Secondary Makeup Colors



Secondary Colors or Secondary Makeup Colors for Special Effects

Secondary RYB Colors

The RYB primary colors combine subtractively to absorb light. Therefore, combining colors in the RYB color scheme will result in darker secondary colors. (Theoretically, you will eventually achieve black - in this case, all the light is absorbed)

Tertiary makeup colors

Tertiary RYB colors are made by mixing either one primary color with one secondary color, or two secondary colors.

Tertiary RYB Colors

The secondary makeup colors are now starting to evolve into tertiary makeup colors.

The following pictures show the tertiary colors created by mixing 1 primary and one secondary color.

Primary Colors

RYB Primary         +

Secondary Colors

RYB Secondary

Tertiary Colors

=        RYB Tertiary

Tertiary colors have specific names, for both the RGB and RYB models. The RYB names are as follows :

  • Red + Orange = Vermilion or red-orange
  • Orange + Yellow = Amber or yellow-orange
  • Yellow + Green = Chartreuse or yellow-green
  • Green + Blue = Viridian or blue-green
  • Blue + Purple = Violet or blue-purple
  • Purple + Red = Magenta or red-purple

These names apply when making tertiary colors by mixing 1 primary color with 1 secondary color.

The following pictures show the tertiary colors when mixing 2 secondary colors.

Citron Tertiary Color


Russet Tertiary Color


Slate Tertiary Color


  • Green + Orange = Citron
  • Purple + Orange = Russet
  • Purple + Green = Slate

Quaternary and quinary colors

As you may have guessed by now, the quaternary and quinary colors are made by mixing more of the colors. Two quaternaries will make a quinary color and so on.

By this stage, you can clearly see how the system works and by looking at the colors on this screen, you can now start to see how we are slowly making our way to our skin tone.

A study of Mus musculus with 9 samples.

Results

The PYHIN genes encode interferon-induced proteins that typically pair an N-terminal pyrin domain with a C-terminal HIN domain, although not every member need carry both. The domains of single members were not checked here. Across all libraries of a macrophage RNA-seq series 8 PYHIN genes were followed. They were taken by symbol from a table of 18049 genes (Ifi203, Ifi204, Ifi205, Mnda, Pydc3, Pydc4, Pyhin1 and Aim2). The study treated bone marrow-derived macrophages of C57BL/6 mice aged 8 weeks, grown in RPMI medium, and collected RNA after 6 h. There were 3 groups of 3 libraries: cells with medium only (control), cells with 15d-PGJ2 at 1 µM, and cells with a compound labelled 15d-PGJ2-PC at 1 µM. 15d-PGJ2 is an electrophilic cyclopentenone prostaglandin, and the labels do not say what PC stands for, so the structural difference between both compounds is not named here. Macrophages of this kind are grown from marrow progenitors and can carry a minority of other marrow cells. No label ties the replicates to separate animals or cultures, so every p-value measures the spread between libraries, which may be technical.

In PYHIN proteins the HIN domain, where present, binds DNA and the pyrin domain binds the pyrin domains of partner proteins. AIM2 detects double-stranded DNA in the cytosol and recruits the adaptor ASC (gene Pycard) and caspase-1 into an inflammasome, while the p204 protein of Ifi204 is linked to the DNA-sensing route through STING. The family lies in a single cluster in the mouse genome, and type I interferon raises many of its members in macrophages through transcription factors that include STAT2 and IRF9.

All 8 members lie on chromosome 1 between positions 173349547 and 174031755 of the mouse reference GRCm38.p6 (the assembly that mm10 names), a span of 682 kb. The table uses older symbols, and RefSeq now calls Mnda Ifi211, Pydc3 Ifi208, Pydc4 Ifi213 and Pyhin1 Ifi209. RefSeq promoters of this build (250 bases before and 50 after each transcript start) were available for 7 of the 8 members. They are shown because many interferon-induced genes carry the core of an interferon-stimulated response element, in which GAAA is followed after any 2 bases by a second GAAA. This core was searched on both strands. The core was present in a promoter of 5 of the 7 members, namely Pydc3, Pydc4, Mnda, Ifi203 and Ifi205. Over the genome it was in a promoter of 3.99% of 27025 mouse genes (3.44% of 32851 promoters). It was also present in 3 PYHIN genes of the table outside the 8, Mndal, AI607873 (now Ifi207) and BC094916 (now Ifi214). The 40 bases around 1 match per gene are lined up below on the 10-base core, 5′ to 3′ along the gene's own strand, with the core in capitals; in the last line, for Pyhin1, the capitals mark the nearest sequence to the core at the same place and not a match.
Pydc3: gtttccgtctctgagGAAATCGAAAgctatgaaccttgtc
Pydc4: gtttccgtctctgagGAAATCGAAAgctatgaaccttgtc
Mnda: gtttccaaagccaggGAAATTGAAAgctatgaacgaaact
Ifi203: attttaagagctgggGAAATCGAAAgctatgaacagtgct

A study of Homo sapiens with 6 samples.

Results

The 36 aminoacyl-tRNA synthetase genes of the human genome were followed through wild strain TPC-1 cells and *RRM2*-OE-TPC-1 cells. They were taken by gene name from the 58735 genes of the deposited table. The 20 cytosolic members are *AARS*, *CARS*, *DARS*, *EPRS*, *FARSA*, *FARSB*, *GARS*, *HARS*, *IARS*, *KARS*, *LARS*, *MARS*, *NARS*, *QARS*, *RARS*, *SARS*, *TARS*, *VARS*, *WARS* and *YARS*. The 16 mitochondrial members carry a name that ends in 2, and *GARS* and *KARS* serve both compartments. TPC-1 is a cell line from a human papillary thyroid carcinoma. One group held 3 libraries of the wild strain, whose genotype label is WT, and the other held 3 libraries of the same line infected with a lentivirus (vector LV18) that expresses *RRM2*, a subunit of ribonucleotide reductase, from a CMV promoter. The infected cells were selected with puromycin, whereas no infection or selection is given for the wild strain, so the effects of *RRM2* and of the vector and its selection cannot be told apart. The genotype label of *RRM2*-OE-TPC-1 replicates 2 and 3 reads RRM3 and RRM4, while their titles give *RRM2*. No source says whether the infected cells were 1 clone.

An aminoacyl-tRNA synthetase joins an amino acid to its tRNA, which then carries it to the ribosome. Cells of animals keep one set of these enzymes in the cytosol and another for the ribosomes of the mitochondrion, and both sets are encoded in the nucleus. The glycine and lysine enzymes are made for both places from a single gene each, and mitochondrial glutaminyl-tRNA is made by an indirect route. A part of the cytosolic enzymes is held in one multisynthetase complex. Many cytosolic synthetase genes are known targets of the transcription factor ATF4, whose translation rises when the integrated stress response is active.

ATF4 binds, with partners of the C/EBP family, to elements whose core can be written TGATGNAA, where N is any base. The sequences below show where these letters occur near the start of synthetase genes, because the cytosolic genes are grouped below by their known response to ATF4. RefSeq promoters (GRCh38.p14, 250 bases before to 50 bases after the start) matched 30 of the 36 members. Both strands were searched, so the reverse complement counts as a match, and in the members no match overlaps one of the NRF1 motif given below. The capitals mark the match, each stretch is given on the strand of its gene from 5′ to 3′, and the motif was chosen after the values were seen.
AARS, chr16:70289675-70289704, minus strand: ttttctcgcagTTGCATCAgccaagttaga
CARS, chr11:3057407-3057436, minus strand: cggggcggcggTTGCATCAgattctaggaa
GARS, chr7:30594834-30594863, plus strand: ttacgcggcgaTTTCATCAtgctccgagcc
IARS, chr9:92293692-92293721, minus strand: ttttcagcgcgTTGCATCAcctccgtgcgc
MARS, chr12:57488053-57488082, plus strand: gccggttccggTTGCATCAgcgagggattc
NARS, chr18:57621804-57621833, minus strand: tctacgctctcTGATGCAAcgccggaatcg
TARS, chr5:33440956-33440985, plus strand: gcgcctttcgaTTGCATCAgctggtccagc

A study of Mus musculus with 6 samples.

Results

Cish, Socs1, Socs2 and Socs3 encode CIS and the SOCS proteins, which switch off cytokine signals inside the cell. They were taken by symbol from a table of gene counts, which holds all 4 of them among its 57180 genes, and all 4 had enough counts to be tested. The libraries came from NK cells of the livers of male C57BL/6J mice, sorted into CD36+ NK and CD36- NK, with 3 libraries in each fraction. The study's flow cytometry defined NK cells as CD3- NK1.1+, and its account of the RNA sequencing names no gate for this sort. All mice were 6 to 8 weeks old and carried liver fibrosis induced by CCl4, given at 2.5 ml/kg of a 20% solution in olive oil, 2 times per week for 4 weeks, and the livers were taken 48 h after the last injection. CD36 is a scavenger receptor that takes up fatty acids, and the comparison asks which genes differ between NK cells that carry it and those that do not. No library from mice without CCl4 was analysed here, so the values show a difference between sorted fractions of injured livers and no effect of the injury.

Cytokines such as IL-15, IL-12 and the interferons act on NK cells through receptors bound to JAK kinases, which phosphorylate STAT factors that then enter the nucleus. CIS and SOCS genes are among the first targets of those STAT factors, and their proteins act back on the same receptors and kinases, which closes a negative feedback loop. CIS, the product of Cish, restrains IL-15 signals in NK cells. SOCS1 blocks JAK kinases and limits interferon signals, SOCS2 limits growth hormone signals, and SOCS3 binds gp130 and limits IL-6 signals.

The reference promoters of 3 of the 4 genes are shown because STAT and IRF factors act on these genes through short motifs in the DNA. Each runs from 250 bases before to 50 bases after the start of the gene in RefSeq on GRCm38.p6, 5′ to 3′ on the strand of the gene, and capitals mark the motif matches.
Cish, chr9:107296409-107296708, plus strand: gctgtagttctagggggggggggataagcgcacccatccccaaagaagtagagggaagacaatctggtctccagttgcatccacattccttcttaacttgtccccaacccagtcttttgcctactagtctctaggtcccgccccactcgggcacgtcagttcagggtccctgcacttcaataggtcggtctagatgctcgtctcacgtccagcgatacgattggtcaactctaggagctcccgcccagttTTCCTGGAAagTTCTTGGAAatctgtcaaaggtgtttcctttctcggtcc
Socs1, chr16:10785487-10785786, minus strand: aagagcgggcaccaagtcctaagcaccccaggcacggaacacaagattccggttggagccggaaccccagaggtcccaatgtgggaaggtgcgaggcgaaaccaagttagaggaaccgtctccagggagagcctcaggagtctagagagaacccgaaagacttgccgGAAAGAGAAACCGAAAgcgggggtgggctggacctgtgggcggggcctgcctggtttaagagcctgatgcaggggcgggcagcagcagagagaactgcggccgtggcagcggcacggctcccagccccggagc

While the secondary makeup colors are still too far away from our skin tones, the next few pictures will start to evolve into colors that are now similar to our skin tones.

Once achieved, we will then add Shades, Tints or Tones which will vary the depth of the color to finally get our match.

Quaternary colors

Buff Quaternary Color


Plum Quaternary Color


Sage Quaternary Color


  • Citron + Russet = Buff
  • Russet + Slate = Plum
  • Slate + Citron = Sage

Quinary colors

Blue Grey Quinary Color

Blue Grey

Grey Brown Quinary Color

Grey Brown

Khaki Quinary Color


  • Plum + Sage = Blue Grey
  • Buff + Plum = Grey Brown
  • Sage + Buff = Khaki

Complementary colors

Brown and grey colors can be made by mixing complementary colors. Complementary colors are pairs of colors that when mixed in proper proportions, will produce neutral colors of either grey, white or black.

Traditional RYB complimentary pairs are :

  • purple and green
  • orange and blue
  • yellow and violet

To highlight the differences between additive and subtractive color schemes, this quick example gives a good description.

Mixing a little ultramarine with orange will produce a dark variation of black in a subtractive environment.

But when the same colors are mixed and used in a additive environment, they produce white.

Fine tuning your colors and more links related to this topic

Click to read Primary RYB Makeup Colors that also explains Shades, Tints and Tones.

Click to read Makeup Colors that also explains the differences between the 3 color schemes - RYB, RGB and CMY-K

Starting from the back ... quinary, quaternary, tertiary, secondary, primary

Here we put all the pictures into one box that is now easy to visualise.

Quinary Khaki
Quarternary Sage
Tertiary Slate
Tertiary Colors
Quinary Grey Brown
Quarternary Plum
Tertiary Russet
Secondary Colors
Quinary Blue Grey
Quarternary Buff
Tertiary Citron
Primary Colors

We love working with colors but we can pull our hair out if we move too quickly. Remember to keep very accurate notes. One gram can change a color and if you do not make a note, it is very unlikely that you will find it again.

Experiment, keep notes and have fun.